Report: Blu-ray Sales on the Rise
A report from The NPD Group reveals sales--and consumer awareness--of Sony's Blu-ray players are increasing.
Sales of Sony's Blu-ray stand-alone player are picking up, according to market research company NPD Group. Thanks to falling prices and increased consumer awareness, first-quarter sales of Blu-ray players in the United States grew to more than 400,000 units, an increase of 72 percent over the same period last year.
NPD's March 2009 "Blu-ray Report" also revealed overall consumer awareness of the BD (Blu-ray Disc) format in the United States has reached 90 percent in the past six months. In NPD's most recent tracking surveys, purchase intent for Blu-ray set-top boxes also rose slightly, with 6 percent of respondents saying they would be "extremely or very likely" to buy in the next six months, compared with 5 percent who responded similarly in the August report.
Ross Rubin, director of industry analysis at NPD, said the rise in penetration of high-definition televisions and falling Blu-ray player prices are broadening the format's market opportunity. "Even as options expand for accessing movies digitally, Blu-ray is carrying forward the widespread appeal of DVD into the high-definition marketplace," he said.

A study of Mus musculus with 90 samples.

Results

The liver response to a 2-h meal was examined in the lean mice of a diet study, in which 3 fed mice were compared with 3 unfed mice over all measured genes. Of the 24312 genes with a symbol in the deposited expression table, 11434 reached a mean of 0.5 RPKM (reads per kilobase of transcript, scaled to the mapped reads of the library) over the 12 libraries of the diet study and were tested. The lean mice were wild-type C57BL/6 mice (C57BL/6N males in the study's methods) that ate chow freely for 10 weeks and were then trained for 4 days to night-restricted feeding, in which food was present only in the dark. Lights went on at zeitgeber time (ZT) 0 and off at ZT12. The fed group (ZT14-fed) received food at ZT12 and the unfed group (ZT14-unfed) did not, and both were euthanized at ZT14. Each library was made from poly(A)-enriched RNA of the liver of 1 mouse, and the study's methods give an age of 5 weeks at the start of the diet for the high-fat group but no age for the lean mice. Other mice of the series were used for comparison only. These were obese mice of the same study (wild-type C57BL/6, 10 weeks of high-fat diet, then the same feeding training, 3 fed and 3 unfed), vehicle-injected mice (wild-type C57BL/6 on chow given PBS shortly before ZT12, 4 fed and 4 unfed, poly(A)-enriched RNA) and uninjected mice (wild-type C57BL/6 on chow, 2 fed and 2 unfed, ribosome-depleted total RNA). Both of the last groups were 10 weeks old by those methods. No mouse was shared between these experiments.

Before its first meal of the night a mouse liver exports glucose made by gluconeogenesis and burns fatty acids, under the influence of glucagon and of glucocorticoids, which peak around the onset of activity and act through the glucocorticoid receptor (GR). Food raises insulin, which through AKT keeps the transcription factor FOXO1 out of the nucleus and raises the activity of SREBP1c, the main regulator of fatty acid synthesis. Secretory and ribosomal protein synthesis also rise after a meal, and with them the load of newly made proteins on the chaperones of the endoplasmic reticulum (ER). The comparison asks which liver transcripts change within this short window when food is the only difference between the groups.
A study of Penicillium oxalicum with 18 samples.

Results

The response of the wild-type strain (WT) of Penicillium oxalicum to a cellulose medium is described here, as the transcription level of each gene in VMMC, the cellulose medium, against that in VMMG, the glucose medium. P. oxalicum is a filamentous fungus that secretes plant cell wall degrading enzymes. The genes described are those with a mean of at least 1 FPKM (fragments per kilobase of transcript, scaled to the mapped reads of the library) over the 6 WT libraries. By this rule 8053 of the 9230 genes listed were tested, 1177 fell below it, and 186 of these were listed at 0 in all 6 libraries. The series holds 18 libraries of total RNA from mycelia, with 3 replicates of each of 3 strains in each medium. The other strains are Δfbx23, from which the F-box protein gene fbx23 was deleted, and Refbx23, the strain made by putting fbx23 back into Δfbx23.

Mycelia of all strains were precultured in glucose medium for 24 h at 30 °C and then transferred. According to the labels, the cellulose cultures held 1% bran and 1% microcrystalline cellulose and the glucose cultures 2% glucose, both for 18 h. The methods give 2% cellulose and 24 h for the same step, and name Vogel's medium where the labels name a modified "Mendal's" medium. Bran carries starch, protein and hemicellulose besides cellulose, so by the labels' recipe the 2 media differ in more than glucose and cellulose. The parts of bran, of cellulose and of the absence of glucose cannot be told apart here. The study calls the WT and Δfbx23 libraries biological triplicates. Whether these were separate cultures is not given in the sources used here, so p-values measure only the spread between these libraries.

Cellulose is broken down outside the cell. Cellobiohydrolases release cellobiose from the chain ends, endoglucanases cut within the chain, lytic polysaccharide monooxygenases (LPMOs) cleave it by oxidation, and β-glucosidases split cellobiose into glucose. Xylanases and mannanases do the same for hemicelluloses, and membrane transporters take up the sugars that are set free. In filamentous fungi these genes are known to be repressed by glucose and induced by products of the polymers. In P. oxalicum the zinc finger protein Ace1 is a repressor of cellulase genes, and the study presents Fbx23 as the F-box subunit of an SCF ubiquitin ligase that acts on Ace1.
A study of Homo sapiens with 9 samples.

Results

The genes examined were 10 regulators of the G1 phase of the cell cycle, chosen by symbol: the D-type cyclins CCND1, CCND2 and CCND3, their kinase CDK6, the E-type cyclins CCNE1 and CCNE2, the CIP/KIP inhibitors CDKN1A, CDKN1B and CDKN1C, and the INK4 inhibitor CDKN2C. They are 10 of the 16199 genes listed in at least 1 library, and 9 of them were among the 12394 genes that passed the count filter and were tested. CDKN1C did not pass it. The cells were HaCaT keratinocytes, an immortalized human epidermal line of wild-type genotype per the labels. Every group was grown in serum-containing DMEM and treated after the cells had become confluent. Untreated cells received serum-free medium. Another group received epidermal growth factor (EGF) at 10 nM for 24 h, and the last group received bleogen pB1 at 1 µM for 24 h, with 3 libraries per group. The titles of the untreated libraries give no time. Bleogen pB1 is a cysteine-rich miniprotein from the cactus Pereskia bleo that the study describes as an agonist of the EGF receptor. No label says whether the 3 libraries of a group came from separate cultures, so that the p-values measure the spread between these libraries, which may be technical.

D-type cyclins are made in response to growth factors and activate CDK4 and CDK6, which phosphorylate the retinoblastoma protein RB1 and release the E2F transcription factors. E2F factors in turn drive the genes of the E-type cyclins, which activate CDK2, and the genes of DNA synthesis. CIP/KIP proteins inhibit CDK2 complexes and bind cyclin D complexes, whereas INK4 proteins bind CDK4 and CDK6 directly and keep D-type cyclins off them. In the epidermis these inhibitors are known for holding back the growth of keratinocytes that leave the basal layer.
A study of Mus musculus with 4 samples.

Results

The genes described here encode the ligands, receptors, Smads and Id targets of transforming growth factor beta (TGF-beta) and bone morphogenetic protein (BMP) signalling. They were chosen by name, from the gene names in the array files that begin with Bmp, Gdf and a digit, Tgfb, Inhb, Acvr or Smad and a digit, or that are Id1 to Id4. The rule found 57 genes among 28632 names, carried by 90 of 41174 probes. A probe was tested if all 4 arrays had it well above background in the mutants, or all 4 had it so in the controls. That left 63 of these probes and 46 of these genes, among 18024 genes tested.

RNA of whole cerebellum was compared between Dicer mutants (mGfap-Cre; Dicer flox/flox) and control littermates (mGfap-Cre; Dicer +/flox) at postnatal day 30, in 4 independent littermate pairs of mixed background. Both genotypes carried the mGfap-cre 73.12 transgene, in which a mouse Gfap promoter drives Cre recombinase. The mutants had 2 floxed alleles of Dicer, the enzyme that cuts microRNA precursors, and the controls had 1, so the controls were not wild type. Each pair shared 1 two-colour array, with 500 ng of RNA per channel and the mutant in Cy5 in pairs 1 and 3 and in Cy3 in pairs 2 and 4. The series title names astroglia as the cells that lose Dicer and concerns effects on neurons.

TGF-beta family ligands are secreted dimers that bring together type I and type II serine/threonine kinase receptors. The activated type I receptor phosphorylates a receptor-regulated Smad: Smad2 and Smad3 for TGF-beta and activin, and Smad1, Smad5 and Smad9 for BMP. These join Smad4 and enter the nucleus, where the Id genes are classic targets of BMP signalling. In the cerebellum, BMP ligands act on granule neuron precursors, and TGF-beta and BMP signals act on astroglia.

BD is an optical disk storage medium with up to 50 GB of capacity. The high-definition optical disk format war that emerged between Sony and Toshiba's rival HD DVD offering split consumers and contributed to slowed adoption. Sony declared victory in February 2008, when Toshiba announced it would no longer produce HD DVD players.
The survey results, collected via an online survey of 6,994 consumers, conducted from February 25 through March 6, 2009, found recent BD player buyers are being influenced most often by pricing, promotions and sales. As a result, actual prices and consumer expectations are increasingly in alignment. According to NPD's retail tracking service, the ASP (average selling price) for a stand-alone player fell nearly 34 percent, to $261 in the first quarter of 2009 from $393 dollars in the first quarter of 2008.
When queried about the reasons for not purchasing BD, respondents reported that their current DVD player is "good enough," they feel the cost of hardware or software is an issue, or they simply aren't interested in the product. The report indicates that consumers who claim that they are likely to buy in the next six months expect to pay $214 on average. Despite evidence of high awareness levels, the survey found that more than half of adults (58 percent) continue to report that they are still "not very familiar" with BD.
NPD entertainment industry analyst Russ Crupnick said the leading driver of Blu-ray purchase intent is recommendations from friends, family or co-workers. "Blu-ray's superiority used to be difficult for many consumers to grasp, but when friends rave about it, or demonstrate Blu-ray in their homes, they are selling the benefits in a way that is far more effective than simply viewing an advertisement or seeing it demonstrated at a retail store," he said.